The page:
Knitting sheaths are small carved wooden sticks that first appeared in the early 17th century.
Historians believe that knitting can be recorded as far back as 3rd century Egypt, and like many practices it is thought that the skill was disseminated along wool trade routes by merchants. Up until the 19th century, knitting at home was a necessity rather than the past-time it has become today. Not only did it provide warm clothing, but it was a cottage industry – a way for both men and women to generate income in the home. After the industrial revolution, many commercial knitwear factories opened, producing wares at such a pace and at such low prices that home knitters couldn’t compete.
However, during the heyday of home knitting, the sheath was a tool of great efficiency. The end of one needle would be fitted into the hole at one end of the sheath, which would then be tucked into a pocket or a belt on the right side of the knitter’s waist. This had a two-fold benefit: most importantly, it gave the knitter greater control of the yarn and its tension, as the hand would be independent of the needle; secondly it freed up the right hand between stitches to aid in multi-tasking around the home without the need to sit or put your knitting down. Indeed, in the North of England miners used to use their daily and often long walk to and from work to knit socks for a little extra income.
Not only were knitting sheaths incredibly practical tools, they became decorative and much-loved items, which often carried special meaning for the owner. Many men would carve their own, or carve one as a love token, including initials, quotes and personalised decoration. Over the years, designs became ever more ornate and decorative. Particular designs and styles were often regional, with even small towns and villages having their own unique shape and pattern. Perhaps the most prominent and popular shape of sheath was the ‘goosewing’, which had a curved lower half to fit against the body comfortably that resembled the wing of a bird. Many sheaths exhibit great amounts of craftsmanship, and the finest examples would have been much sought after. Some of the most intricate sheaths incorporated carved, movable chain link or a ‘ball and cage’ element in which a single piece of wood was carved into a cage, with the central wood carved into a mobile ball that rattled about in the cage.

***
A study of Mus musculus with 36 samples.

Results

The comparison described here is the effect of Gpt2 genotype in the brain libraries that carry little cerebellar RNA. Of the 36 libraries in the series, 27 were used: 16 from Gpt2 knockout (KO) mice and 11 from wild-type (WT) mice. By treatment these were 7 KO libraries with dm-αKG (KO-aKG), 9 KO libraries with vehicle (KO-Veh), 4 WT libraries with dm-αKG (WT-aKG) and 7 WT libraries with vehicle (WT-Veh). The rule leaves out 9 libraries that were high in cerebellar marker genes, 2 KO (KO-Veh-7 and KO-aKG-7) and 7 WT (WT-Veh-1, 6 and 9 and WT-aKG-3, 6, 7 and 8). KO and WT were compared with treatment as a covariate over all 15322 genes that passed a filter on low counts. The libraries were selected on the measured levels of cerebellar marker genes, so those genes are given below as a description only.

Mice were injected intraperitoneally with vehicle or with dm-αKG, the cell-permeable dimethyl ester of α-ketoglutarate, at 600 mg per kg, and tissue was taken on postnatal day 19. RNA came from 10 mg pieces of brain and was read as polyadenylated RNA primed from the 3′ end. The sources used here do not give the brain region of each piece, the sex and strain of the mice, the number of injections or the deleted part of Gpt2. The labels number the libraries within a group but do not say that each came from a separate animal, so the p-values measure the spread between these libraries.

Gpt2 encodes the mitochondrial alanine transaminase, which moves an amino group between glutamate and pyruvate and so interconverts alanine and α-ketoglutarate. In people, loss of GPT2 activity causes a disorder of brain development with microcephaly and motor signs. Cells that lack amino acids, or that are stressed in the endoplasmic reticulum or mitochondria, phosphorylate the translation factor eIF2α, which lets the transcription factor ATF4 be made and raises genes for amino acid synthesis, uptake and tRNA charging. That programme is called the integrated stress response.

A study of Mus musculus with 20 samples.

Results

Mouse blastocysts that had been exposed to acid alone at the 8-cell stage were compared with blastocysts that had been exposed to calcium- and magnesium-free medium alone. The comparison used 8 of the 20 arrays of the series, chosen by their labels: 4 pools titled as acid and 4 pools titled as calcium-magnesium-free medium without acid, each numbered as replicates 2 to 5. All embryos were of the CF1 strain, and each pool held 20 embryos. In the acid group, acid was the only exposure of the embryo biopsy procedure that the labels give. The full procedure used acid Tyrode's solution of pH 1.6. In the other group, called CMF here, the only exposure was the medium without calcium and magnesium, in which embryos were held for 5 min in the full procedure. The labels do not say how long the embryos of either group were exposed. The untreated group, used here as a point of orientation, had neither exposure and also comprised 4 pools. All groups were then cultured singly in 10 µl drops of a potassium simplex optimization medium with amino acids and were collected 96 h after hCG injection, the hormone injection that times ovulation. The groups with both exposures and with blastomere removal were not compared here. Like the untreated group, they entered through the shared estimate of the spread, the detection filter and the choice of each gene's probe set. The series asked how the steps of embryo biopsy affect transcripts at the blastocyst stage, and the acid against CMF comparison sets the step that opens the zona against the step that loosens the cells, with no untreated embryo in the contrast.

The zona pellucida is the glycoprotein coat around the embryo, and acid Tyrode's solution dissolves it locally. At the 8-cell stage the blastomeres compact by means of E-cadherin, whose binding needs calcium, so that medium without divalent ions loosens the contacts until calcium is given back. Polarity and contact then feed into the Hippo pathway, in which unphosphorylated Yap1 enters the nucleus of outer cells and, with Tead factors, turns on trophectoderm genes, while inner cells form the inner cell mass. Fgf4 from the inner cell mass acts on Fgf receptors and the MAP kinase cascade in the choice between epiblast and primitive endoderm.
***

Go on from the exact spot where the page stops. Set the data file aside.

Unfortunately, by the beginning of the 20th century knitting sheaths were largely disregarded and disposed of, and comparatively few remain today, particularly those in good condition. However, out lying areas, such as North Yorkshire and County Durham, away from centres of industry saw the use of knitting sheaths thrive well into the 19th century and many of the examples that appear on the market at Tennants hale from these areas. Knitting sheaths have become a popular collector’s item today, being valued for the unique shapes, intricate carving, rich patina and reminders of a bygone era. The most intricate and competently carved carry the highest prices, but those with strong family provenance or that carry the names of the original owners are also much sought-after.
A good collection of knitting sheaths are coming up for sale in the Costume, Accessories and Textiles Sale on 17th August 2019.